Amending A Claim
Do I Need to Amend My Claim
Recently, some banks are increasingly defending claims primarily on the basis that the claim is; "not adequately particularised, 'embarrasing', too vague" etc, etc.
You will usually get this defence if you have filed on Moneyclaim online, regardless of whether or not you sent a schedule of charges. This is clearly a scare tactic and in most cases should be ignored and no action to amend your claims particulars is necessary.
However, If you did'nt use the correct MCOL template from the library which states the statutory and common law basis of the claim, you will probably need an amendment, depending on exactly what you used as your particulars. To amend your claim you will need to submit an application on form N244. See the section below for a guide to applying for an amendment
If you did use the proper template, including in it your account number, then your claim is adequately particularised.
Amending A Claim
The Civil Procedure Rules require that your POC's contain a concise statement of the basis of your claim in law and fact. This should include reference to the common law and relevant statutes on which the claim relies - ie the Unfair Terms in Consumer Contracts Regulations 1999, the Unfair Contracts (Terms) Act 1977 and the Supply of Goods and Services Act 1982. It should also include your account number. The CAG template satisfies this criteria.
Here is an example of a POC template that would almost certainly not be regarded as adequate in the eyes of the court -
The claiment claims the repayment of unlawful bank charges for the period **/**/** to **/**/** amounting to £*** for direct debit, standing order, over draft interest and over draft excess fees. The claiment also claims interest on this amount under section 69 of the County Courts Claim Act 1984 at the rate of 8% a year from **/**/** to **/**/** of £*** and also interest at the same rate upto the date of judgement or earlier payment at the rate of 8%. The claiment also claims the court fee of £***.
If you used inadequate POC's such as the above and then the Bank defends on the basis that the claim is "too vague", they certainly have a valid case and what would probably then happen is that the court will order you to elaberate by providing further information.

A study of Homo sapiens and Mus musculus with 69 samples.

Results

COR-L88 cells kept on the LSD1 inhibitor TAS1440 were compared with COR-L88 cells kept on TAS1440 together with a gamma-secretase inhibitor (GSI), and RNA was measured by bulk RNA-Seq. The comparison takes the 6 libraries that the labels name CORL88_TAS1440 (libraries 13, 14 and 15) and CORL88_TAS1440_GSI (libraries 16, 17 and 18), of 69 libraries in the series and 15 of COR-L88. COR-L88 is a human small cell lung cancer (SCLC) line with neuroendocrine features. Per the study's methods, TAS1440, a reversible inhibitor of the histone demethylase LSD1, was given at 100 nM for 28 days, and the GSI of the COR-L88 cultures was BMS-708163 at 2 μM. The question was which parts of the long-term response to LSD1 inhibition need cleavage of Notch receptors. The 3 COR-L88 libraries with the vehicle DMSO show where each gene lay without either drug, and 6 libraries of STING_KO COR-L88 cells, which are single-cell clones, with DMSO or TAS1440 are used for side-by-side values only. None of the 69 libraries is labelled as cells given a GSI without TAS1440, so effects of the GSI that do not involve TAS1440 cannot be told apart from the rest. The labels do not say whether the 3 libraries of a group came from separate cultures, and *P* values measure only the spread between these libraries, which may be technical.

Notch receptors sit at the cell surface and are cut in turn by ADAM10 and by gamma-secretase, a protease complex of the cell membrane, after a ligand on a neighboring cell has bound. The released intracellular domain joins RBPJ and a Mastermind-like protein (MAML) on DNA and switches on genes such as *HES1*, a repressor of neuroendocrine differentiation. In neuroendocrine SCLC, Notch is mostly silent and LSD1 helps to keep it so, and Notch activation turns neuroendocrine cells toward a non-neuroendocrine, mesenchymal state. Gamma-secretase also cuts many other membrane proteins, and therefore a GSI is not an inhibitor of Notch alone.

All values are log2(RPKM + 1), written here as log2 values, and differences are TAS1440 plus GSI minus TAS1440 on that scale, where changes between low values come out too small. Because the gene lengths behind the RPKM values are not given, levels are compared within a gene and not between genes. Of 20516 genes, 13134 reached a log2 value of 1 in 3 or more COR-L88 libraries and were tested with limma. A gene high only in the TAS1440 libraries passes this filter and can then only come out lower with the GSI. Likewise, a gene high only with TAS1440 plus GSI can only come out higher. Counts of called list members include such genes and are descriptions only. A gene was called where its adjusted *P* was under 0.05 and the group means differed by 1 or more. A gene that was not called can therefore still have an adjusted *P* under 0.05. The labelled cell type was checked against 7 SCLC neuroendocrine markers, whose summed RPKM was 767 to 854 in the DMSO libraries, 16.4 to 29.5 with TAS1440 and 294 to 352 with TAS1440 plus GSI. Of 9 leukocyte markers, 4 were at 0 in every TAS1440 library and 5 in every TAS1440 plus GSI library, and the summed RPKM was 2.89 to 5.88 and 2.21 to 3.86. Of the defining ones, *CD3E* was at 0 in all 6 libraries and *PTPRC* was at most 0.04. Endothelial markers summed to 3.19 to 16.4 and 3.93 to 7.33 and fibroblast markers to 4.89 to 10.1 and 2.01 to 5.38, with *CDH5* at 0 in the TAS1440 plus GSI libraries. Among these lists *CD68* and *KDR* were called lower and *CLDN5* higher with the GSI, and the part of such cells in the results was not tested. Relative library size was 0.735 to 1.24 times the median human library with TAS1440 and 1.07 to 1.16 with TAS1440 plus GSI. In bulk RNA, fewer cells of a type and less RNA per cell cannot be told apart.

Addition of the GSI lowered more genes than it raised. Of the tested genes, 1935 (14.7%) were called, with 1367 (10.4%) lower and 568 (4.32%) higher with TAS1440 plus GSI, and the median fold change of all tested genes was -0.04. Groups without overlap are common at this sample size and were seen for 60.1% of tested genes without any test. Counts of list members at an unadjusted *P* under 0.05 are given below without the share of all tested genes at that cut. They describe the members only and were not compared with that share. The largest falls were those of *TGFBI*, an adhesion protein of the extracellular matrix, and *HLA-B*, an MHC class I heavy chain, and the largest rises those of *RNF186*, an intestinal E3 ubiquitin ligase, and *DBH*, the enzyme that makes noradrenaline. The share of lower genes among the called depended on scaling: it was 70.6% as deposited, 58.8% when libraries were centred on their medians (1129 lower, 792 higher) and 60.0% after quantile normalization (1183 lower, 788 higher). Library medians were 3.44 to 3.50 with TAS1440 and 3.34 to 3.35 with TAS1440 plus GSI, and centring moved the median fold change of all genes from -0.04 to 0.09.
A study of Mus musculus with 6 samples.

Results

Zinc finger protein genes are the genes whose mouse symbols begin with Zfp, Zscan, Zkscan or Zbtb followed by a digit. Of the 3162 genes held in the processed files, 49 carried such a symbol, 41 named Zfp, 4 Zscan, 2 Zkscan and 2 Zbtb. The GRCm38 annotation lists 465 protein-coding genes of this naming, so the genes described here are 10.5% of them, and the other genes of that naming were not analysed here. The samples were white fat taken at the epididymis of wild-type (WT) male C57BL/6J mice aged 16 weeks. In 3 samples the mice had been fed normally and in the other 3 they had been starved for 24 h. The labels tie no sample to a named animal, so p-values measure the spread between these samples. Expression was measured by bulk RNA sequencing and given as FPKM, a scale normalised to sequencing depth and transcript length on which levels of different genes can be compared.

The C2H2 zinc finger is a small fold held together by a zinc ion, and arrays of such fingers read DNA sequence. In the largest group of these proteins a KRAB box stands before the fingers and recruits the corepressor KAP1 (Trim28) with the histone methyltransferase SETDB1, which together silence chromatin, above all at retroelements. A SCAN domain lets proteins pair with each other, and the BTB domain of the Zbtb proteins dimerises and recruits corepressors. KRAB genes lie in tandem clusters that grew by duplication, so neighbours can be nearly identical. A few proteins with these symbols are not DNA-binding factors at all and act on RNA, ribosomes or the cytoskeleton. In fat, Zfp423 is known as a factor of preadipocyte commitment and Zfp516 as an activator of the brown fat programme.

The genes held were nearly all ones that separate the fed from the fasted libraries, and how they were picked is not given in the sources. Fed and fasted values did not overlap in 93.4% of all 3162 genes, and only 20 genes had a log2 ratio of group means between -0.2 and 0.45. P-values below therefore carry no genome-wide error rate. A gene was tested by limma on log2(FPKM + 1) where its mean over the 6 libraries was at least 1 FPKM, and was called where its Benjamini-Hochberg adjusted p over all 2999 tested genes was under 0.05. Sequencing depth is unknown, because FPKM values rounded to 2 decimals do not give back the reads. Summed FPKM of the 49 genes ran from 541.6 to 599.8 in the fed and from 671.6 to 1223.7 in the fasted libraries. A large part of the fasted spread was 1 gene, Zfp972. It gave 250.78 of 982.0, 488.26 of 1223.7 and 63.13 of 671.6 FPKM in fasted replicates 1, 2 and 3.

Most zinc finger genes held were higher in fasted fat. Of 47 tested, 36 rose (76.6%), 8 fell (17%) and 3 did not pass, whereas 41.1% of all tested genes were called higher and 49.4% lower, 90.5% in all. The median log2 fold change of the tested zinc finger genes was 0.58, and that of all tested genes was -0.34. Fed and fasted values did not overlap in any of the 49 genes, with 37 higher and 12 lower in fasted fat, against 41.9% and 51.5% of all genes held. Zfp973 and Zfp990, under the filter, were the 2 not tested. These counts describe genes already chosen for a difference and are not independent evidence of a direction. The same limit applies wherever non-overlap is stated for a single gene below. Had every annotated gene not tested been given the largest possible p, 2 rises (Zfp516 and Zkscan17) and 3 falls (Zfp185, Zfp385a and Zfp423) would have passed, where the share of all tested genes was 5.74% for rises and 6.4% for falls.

However, the court does have the power, if it see's fit, to strike out your claim without warning. This is unlikely and has'nt happened yet as far as I'm aware, but to be safe its probably advisable to amend your claim upon receipt of the defence.
If you did'nt use the CAG template and have decided what you did use was inadequate and needs amending, you need to make an application for the amendment on a form N244 - You can download the form from here This will cost you a non-refundable fee of £35.
A Guide for Completion of Form N244
Submitting Your Application to the Court
Attach your spreadsheet and take 3 copies to the court, along with 3 copies of the completed N244 + the £35 fee. Tell the court staff what has happened, apologise for their inconveniance, and ask that your current particulars of claim are disregarded and replaced by the new ones. It will have to go before a judge to ok the amendment, and you could possibily get called for an application hearing which is nothing to worry about.
Also, if you are at the AQ stage, complete your AQ and take that to the court at the same time - see here Allocation Questionnaire
The Court will then amend the details, re-seal the claim and return it to you and it is your responsibility to re-serve it on the Defendant. Ensure that you keep a copy of the sealed N1 for yourself too. Once you have served the claim you should send the Court a completed certificate of service, here along with a copy of the N1 so the court knows when the bank need to respond.